New Research Shows Primary Care Physicians Can Help Detect More Skin Cancer at an Earlier Stage
New research at UPMC suggests that if full body skin cancer screenings became a part of routine annual primary care visits, significantly more skin cancers would be discovered and at earlier stages.
The results of the study, led by Laura Ferris, M.D., Ph.D., associate professor, Department of Dermatology, and John Kirkwood, M.D., professor, Department of Medicine, Division of Medical Oncology, University of Pittsburgh School of Medicine, are published this month in JAMA Oncology and follow a similar melanoma screening program done in 2004 in Germany.
According to Ferris, there is a need to establish specific guidelines for regular skin cancer screening since currently, no guidelines exist. About half of all skin cancers are found by patients and half by physicians. However, those skin cancers found by patients tend to be more advanced than those detected by physicians.
“Skin cancer can be detected by the naked eye,” said Ferris. “With studies such as this, we hope to gather enough data to develop a uniform recommendation for screening guidelines so melanoma, the deadliest form of skin cancer, can be detected earlier.”
UPMC provided the optimal setting for this study, Ferris explained, since the health system employs many primary care physicians (PCPs) with a large patient base and system-wide electronic health records (EHR) to track the screenings and melanomas diagnosed.
UPMC-employed PCPs were offered access to a web-based training program on skin cancer identification. Patients were considered eligible for the screening if they were age 35 or older and saw a UPMC PCP during 2014.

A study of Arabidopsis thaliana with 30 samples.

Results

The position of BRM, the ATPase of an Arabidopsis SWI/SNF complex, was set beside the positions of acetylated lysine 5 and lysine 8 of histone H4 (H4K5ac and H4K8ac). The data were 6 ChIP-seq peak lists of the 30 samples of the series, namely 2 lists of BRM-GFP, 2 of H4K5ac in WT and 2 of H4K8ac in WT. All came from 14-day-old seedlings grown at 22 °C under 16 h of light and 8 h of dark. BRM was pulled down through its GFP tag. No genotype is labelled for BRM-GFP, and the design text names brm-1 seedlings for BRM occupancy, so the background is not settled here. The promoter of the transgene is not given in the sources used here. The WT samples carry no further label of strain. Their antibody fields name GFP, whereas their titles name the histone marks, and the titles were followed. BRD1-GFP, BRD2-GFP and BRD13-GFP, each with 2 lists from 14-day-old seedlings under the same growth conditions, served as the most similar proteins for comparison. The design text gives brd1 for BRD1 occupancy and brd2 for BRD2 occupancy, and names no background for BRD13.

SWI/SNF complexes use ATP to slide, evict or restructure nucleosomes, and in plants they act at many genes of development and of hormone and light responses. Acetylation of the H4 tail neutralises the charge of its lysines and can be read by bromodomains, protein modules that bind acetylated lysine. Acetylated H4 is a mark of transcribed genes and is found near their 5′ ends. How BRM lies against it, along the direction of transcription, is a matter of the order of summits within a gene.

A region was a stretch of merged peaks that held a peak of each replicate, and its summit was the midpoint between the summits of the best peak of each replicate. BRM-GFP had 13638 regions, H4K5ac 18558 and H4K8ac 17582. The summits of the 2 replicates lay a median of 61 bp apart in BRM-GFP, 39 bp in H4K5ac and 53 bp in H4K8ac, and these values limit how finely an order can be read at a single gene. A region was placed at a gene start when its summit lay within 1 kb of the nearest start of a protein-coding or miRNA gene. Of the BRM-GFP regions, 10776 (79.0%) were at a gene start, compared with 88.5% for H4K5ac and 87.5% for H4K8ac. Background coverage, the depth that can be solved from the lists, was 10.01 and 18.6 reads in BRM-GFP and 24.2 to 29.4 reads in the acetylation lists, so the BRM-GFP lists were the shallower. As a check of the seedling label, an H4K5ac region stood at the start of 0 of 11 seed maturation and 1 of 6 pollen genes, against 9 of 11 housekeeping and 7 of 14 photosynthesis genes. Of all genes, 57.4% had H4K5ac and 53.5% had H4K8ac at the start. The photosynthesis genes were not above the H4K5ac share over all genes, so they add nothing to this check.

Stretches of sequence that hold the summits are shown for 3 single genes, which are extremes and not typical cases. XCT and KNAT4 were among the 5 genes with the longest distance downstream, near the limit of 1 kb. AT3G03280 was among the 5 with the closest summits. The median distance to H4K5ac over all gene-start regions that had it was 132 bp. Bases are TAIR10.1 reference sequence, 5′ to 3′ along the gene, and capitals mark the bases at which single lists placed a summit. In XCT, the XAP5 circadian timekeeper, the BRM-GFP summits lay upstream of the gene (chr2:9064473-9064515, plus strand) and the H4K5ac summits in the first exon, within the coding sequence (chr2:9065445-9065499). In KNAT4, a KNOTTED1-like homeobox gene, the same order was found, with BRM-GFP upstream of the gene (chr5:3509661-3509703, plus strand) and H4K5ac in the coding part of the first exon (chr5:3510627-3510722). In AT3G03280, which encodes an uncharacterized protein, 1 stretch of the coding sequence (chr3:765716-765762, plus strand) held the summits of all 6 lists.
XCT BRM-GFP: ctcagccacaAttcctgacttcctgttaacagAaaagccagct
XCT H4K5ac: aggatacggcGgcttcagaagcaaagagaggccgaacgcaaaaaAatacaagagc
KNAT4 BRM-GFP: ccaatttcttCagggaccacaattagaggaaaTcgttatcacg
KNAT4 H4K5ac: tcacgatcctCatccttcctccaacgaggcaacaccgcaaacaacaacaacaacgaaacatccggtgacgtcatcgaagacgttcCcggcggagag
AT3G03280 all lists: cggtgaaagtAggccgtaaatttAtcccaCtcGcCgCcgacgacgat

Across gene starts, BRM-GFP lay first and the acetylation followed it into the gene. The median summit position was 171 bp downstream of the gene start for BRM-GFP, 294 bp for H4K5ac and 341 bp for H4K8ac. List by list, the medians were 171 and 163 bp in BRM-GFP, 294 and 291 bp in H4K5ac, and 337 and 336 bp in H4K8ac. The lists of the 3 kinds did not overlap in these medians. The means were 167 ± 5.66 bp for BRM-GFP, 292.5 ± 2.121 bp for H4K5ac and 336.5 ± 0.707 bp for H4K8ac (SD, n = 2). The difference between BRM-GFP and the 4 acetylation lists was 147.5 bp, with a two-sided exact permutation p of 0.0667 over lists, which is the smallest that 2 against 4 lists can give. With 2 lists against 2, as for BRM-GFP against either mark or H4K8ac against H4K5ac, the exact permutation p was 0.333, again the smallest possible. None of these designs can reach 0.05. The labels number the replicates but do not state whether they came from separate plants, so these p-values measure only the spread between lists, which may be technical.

The study examined the electronic health records of more than 300,000 patients who visited a UPMC PCP in 2014 and found approximately 53,000 patients who were in the eligible category were screened for skin cancer, and more than 280,000 were not.
Researchers found the incidence of melanoma in the screened population was more than double that of the unscreened population, and the melanomas discovered in the screened patients were thinner than those of the unscreened patients.
“The thickness of a diagnosed melanoma is the most important predictor of the risk of dying from this cancer,” said Ferris. “So finding thinner tumors has the potential to reduce melanoma deaths.”
UPMC researchers expect more patient and physician participation as they continue to study the screening process.
“We want to look more specifically at who benefited most from the screening, and whether the screening program can be targeted to capture those patients at highest risk of developing and dying from melanoma in order to make a bigger impact,” said Ferris.
Future studies also will focus on whether regular screening can affect overall health care costs and melanoma mortality rates.
Additional researchers include Melissa Saul, M.D., Yan Lin, Ph.D., Fei Ding, M.D., Jian-Min Yuan, M.D., Erica Neuren, B.S., Spandana Maddukuri, B.S., and Francis X. Solano, M.D., all of Pitt; Martin A. Weinstock, M.D., Ph.D., of Providence VA Medical Center and Brown University; and Allen Geller, M.H.P., R.N., of Harvard University.